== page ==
With the topic of guns in the US being as divisive of an issue as ever, we’re at a point where some companies are finally taking a stand on the NRA. A couple of days ago I wrote about how Alamo, Avis, Enterprise, Hertz, and National pulled their discounts for NRA members. It’s tough to say whether they were actually taking a stand here, or just trying to remain neutral on this divisive topic.
We have notified the NRA that we are ending the NRA’s rental car discount program with Hertz.
— Hertz (@Hertz) February 23, 2018
The problem for companies is that they think they’re staying neutral by withdrawing support, though in reality by taking away something that they used to offer they’re taking a stand, whether they intend to or not.
As you might expect, there’s a lot of pressure on social media from some, demanding that companies that associate with the NRA pull their support. Conversely, there are plenty of NRA supporters threatening to boycott companies that pull their support for the NRA. If we’re being honest, the reality is that very little of this protesting of companies on either side lasts very long, especially when you see a situation where virtually all companies make a decision like this. Will NRA supporters suddenly stop renting cars, and will those opposed to the NRA start renting cars just to support companies for their decisions? It’s unlikely.
The travel industry taking some sort of a stand on the NRA isn’t limited to car rental companies — both Delta and United have pulled discounts for those traveling to NRA conferences. They used to offer these discounts, presumably not because they were strong supporters of the NRA, but rather because this was a decision that they hoped got them volume business, and they didn’t think doing so would be controversial.
Delta is reaching out to the NRA to let them know we will be ending their contract for discounted rates through our group travel program. We will be requesting that the NRA remove our information from their website.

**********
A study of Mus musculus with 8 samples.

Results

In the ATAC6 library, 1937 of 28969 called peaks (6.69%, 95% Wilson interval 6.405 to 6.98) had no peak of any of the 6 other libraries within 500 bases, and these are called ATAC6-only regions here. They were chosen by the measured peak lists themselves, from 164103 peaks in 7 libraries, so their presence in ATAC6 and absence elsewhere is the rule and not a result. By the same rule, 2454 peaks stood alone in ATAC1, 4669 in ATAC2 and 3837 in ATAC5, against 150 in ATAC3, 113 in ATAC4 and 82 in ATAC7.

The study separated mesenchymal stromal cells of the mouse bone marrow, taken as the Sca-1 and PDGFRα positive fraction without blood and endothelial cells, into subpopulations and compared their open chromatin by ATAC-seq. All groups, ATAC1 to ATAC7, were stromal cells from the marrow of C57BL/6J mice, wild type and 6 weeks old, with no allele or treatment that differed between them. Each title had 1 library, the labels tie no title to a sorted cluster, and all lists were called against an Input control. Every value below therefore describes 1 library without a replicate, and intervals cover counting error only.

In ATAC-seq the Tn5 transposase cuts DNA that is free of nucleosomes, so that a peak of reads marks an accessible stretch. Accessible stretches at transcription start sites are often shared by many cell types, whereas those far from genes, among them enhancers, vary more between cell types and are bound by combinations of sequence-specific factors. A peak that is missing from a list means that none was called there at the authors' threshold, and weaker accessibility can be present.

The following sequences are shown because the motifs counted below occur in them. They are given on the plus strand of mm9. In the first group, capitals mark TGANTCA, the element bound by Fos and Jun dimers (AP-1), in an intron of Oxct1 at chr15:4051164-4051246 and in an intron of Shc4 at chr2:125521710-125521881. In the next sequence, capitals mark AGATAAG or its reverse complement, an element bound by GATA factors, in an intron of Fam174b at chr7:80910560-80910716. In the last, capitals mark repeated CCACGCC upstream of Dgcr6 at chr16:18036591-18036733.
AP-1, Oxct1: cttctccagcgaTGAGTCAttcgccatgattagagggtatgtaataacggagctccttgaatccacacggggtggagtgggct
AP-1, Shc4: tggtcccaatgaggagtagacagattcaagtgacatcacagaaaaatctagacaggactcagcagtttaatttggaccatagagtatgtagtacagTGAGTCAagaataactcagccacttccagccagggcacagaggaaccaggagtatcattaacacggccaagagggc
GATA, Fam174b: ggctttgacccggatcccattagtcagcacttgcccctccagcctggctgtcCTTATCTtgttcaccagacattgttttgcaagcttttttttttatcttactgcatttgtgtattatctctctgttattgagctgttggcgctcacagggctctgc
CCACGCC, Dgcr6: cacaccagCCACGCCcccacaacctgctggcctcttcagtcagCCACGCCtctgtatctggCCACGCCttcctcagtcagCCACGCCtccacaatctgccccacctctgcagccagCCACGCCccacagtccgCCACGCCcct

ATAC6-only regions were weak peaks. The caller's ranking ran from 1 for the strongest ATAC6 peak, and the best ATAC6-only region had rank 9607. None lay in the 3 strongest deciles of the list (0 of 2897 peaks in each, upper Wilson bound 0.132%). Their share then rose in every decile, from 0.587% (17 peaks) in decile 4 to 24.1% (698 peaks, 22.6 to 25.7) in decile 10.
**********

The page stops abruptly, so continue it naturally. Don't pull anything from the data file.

— Delta (@Delta) February 24, 2018
With two airlines having withdrawn support for the NRA, it has led to similar strong feelings on both sides. Most companies have simply stated that they’re withdrawing support for the NRA, but haven’t issued detailed statements sharing their feelings. Not Delta, though. Delta has issued the following statement regarding their decision, which is surprising, in a way:
Delta is reaching out to the National Rifle Association to let it know that the airline will be ending its contract for discounted fares for travel to the association’s annual meeting through Delta’s group travel program. The company will request that the NRA remove Delta’s information from its meeting website.
Delta’s decision reflects the airline’s neutral status in the current national debate over gun control amid recent school shootings. Out of respect for our customers and employees on both sides, Delta has taken this action to refrain from entering this debate and focus on its business. Delta continues to support the 2nd Amendment.
This is not the first time Delta has withdrawn support over a politically and emotionally charged issue. Last year, Delta withdrew its sponsorship of a theater that staged a graphic interpretation of “Julius Caesar” depicting the assassination of President Trump. Delta supports all of its customers but will not support organizations on any side of any highly charged political issue that divides our nation.
Delta is saying that they have a neutral stance in the national debate over gun control, and that they support the 2nd Amendment. The reason that I find the decision to publish this interesting is because I think they’re only going to annoy both sides with a statement like this. On one side of the debate you have people saying this:
Delta is officially neutral on the issue that it is ok to murder kids in schools.
— Ron Williams (@sonicdeath) February 25, 2018
And on the other side you have people saying this:
— Jeff McCormack (@jeffmc_cormack) February 25, 2018
Overall I think those against the NRA are going to be most put off by this statement. To me there’s a difference between staying out of something and saying that you have a neutral stance on a topic. Then again, when companies withdraw support in order to stay neutral, they’re ultimately hurting the organization in question, so I guess the end result is a positive for those opposed to the NRA.
What do you make of Delta’s statement on this matter?